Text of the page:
The TV world is loaded with acronyms and abbreviations: 4K, LED, OLED, QLED, 8K and HDR. Shopping for a new set can be confusing until you know what all those letters mean. Read on to learn about the latest TV terms to help you in your search for the perfect home theatre for your needs.


To understand OLED, we need to back up thorough a few iterations of TV technology and the specifics of how screens are lit. While this is very complex technology, we’ll simplify it here substantially.


An electric current passes through the liquid crystals, and that gets the crystals to line up so light either does—or does not— filter through.

Takeaway: OLED uses organic materials like carbon to make up the screen.

What is QLED?

Now that we know what LED is, let’s move on down the road to QLED. Not surprisingly, the “LED” portion of this acronym still stands for Light Emitting Diode, so you know we’re still talking about light to some extent.

So what’s with the Q? It stands for Quantum Dot.

What’s Quantum Dot?

Quantum Dots are simply a different way for TV screens to produce colour, which appears more saturated. The ‘dots’ are microscopic in size, and each one produces different colors depending on their individual size. As an example, the tiniest dots may kick out blue, the larger ones, red.


Takeaway: QLED is Samsung’s technology which uses Quantum Dots to improve colour


What is 8K TV?

More and more, you’ll be hearing about 8K TV. 8K is the newest TV technology that’s got twice the resolution of 4K.

To explain what 8K is, let’s back up a bit and start with 4K and HDTV.

Resolution is made up of pixels, or microscopic squares. In a 1080p Full HDTV, there are 1,920 horizontal by 1,080 vertical pixels. When TV technology improved to 4K, more pixels were added in the same space, making for a much sharper and more detailed video picture. The resolution on a 4K TV is technically 3,840 x 2,160 and the term “4K” comes by rounding the horizontal pixel count up to 4,000, or 4K. Why? It’s just easier to say and abbreviate, but you will also hear this called Ultra HD.

8K makes that leap again, cramming more pixels into the same size and shape of TV. (Remember old SD TVs and how square they were? The we got wider “letterbox” with HD?) 8K crams twice as many pixels in, now offering total image dimensions of 7680×4320. Round that 7680 up and you get 8,000 or 8K.

Want to read more about this emerging technology? Click here, and if you want to be among the first in Canada to get ahold of an 8K TV for your home, you can shop LG 8K TVs, or Sony 8K TV, or this Samsung 8K QLED TV.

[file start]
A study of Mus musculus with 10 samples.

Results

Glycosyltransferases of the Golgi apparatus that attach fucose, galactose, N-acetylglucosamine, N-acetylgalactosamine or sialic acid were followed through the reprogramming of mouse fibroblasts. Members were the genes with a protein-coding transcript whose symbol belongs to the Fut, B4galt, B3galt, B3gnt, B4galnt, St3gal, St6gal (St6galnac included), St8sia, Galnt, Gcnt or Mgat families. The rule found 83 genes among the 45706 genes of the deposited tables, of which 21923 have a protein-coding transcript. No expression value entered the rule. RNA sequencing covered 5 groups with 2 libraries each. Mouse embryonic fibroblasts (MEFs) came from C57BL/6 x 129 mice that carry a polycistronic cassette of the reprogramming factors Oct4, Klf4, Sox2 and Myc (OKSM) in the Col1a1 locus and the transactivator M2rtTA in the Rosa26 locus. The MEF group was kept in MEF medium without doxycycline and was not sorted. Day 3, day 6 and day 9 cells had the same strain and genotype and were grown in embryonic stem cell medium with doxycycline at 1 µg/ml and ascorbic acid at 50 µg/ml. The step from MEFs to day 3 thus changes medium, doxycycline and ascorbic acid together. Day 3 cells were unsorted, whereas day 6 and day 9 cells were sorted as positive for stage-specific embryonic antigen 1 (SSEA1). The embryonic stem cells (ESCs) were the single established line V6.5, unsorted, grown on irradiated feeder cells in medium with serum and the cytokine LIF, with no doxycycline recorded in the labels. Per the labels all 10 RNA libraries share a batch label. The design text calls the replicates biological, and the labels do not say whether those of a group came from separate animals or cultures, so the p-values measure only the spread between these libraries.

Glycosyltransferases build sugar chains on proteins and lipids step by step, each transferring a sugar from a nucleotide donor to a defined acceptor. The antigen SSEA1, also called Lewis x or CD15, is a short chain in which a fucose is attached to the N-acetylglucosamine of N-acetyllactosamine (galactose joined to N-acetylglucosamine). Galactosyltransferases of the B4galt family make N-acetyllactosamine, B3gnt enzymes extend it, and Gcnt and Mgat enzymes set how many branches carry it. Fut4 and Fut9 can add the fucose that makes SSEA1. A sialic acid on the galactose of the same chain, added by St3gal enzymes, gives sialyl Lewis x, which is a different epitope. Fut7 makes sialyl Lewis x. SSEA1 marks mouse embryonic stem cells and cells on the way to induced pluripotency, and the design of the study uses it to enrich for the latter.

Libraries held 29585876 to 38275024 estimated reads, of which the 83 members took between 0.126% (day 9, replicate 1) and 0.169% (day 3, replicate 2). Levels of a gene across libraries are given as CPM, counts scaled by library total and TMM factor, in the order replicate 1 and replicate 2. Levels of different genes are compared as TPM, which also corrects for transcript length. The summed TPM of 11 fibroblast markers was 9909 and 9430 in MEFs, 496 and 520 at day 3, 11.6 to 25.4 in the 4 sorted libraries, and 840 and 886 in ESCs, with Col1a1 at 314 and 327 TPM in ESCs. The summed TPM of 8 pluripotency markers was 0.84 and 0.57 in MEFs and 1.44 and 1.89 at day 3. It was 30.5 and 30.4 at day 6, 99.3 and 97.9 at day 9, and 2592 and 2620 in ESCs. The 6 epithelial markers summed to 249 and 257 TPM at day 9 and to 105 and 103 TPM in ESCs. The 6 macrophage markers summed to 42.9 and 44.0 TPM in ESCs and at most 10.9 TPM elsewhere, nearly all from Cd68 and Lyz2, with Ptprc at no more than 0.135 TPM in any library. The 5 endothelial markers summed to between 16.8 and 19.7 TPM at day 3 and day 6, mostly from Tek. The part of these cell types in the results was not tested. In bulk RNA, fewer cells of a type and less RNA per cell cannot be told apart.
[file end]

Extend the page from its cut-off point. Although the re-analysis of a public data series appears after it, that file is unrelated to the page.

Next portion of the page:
What is Full Array TV?

Full Array, also called Full Array Local Dimming or FALD TVs, have what you could call a full array (hence the name) of LED lights—thousands of them—spread out more widely behind the screen of the TV. These lights can be more precisely controlled so you should see more detail in the video picture, better overall black levels , and in particular, better detail in dark or shadowy scenes, as well as more realistic brightness without washout or bleed.

How does Full Array technology work with other TV technology?

Full Array Local Dimming backlight technology allows for sharper 4K detail, more realistic colour, deeper black levels, more realistic contrast and a wider viewing angle.

Takeaway: Full Array improves the overall light and thus the video picture

Which brands to consider?

When it comes to Full Array TVs, look to TCL, Vizio, and Sony, among others.

What is Nanocell TV technology?

In short, NanoCell is technology from LG that’s designed to bring new intensity to the colour on your screen for more realistic video. LG NanoCell technology features primarily in two of LG’s newest 8K TV models, Nano99 and Nano95. Expect others soon enough.

What does NanoCell technology do?

If you want to learn more, this blog on Nanocell TVs can help you understand.

You likely already know that 8K resolution is four times better than 4K. 8K resolution puts even more pixels into your TV screen and that gives you a sharper and more realistic image.

Which brands to consider?

Shop LG’s lineup of Nanocell TVs at Best Buy.

What is TRILUMINOS technology?

TRILUMINOS is Sony’s top of the line colour technology. In these TVs, you’ll see an extremely colourful video picture with substantive real-world detail and a wider range of brightness. TRILUMINOS Displays are able to reproduce more colours than a conventional television, by analyzing and processing the data in every image to make colours even more natural and precise so your video looks closer than ever to real life.

Which brands to consider?

Shop Sony TRILUMINOS TVs here.

So what TV should I buy?

When you’re shopping for a new TV, it’s possible to get many of these TV acronyms all in one amazing TV. You can find a 4K or 8K resolution set (4K TVs have millions more pixels and a higher resolution) that has Full Array and QLED technology.

It makes sense to get a new TV with as much of this dynamic and realistic new technology as you can. Prices for all this goodness have dropped significantly in recent years, so you can now get a lot of technology and an extraordinarily high quality TV in a very affordable package.


  1. The question that I would have in regards to content for higher resolution TVs is what are the speed requirements for streaming in 8K? Do we have that capability in Canada on a high scale yet? I know that in many small towns in the prairies it is tough to even get the internet speeds required for 4K streaming.

    When I was in a town north of Saskatoon a year ago the best internet speed I could get was 10 Mbps. 4K streaming recommends at least 25 Mbps, and I would assume that since 8K would quadruple the amount of pixels that it would probably require a speed somewhere in the 50 – 100 Mbps range.